Hair loss is one possible side effect caused by cancer treatments. You may feel a range of feelings such as anger, sadness or anxiety. However, hair loss is usually a temporary side effect and there are ways of managing it.  



What is hair loss?  

Some cancer treatments may cause hair loss. This is due to the fact that any treatment which acts on growing cancer cells may also affect other growing cells like hair roots (follicles). Before treatment starts, talk to your doctor about the possibility of hair loss as a side effect of cancer treatment and the level of hair loss you can expect.  



What treatments can cause hair loss?  

Not all cancer treatments will cause hair loss. Hair loss is mostly associated with chemotherapy and radiation therapy. Treatments such as targeted therapyhormone therapy and immunotherapy are more likely to cause hair thinning or slow growth of hair.  



Chemotherapy and hair loss 

Chemotherapy uses drugs to stop or slow the abnormal growth of cancer cells. You may experience complete hair loss, hair thinning or no hair loss. The amount of hair loss will depend on the type of chemotherapy drug you receive, the dose and the timing of treatment.  

Chemotherapy can cause the hair on your head to break off at or near the scalp. You may feel some itchiness or scalp irritation shortly before your hair falls out. In addition, you may notice fallen hair when you brush it or on your pillow or sheets.  

Hair loss can occur anywhere on the body – the scalp, chest, underarms, underarms, eyebrows, eye lashes and pubic area. Hair loss commonly begins two or three weeks after your treatment has started.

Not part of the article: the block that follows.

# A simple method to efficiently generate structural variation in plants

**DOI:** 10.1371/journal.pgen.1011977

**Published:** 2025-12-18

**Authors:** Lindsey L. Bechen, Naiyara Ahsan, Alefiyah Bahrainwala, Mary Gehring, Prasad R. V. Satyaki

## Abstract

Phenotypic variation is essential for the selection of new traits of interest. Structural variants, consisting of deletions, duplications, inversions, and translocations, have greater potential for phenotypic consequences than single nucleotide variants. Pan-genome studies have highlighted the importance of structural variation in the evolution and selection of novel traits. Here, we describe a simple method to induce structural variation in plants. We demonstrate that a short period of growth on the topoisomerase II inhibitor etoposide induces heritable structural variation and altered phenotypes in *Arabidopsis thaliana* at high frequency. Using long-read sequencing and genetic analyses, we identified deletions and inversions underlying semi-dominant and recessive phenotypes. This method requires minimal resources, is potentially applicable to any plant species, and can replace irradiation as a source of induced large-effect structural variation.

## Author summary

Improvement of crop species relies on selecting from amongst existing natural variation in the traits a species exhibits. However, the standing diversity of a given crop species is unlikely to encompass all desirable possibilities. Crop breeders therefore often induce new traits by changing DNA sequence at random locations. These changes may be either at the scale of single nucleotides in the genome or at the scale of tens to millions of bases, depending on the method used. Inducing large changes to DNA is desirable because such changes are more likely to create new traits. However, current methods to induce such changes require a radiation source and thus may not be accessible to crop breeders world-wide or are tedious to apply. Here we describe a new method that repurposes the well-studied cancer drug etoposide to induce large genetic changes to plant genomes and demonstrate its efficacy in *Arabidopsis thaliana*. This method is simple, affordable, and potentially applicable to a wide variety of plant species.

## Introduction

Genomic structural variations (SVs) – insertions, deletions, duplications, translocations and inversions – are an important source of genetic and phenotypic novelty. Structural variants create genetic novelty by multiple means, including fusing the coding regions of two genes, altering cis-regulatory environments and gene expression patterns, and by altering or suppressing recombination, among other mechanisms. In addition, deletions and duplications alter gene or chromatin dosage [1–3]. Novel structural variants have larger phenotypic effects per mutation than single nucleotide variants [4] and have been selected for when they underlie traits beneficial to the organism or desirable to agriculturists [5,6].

Radiation therapy and hair loss 

Radiation therapy (radiotherapy) uses x-rays (radiation) to destroy or injure cancer cells to stop them multiplying. You may experience hair loss if you have hair in the area being treated. This can happen during or just after treatment. Hair will only fall out in the area of the body being treated with radiation therapy.  

Hair regrowth should start within a few weeks of treatment ending but occasionally hair loss can be permanent.  



Managing hair loss 

Many people feel self-conscious about their appearance when they lose their hair. It is common to experience a range of feelings such as anger, anxiety and acceptance.  

You may also find that other people don’t know how to react to your hair loss. Children can also have feelings of anxiety and fear. See our Talking to Kids About Cancer booklet for tips on how to discuss any side effects during cancer treatment, including hair loss.  

Some people choose to cut their hair before treatment starts to help prepare themselves for any possible hair loss. Others choose to shave their head in the early stages of hair loss.  



Should I wear a wig or head scarf?  

It is important to do what makes you feel most comfortable. Some people choose to wear a wig, scarf, hat or turban, while others prefer not to cover their head. Contact your local Cancer Council on 13 11 20 to see if they offer a wig service.  


Will my hair grow back?  

For most people, hair loss is temporary. After chemotherapy your hair will grow back and you can expect to have a reasonable head of hair four to 12 months after treatment has ended. After radiation therapy your hair usually grows back. After a large dose of radiation therapy, the hair may not recover fully and there may be some permanent hair loss.  

Talk to your doctor about what to expect or call Cancer Council on 13 11 20.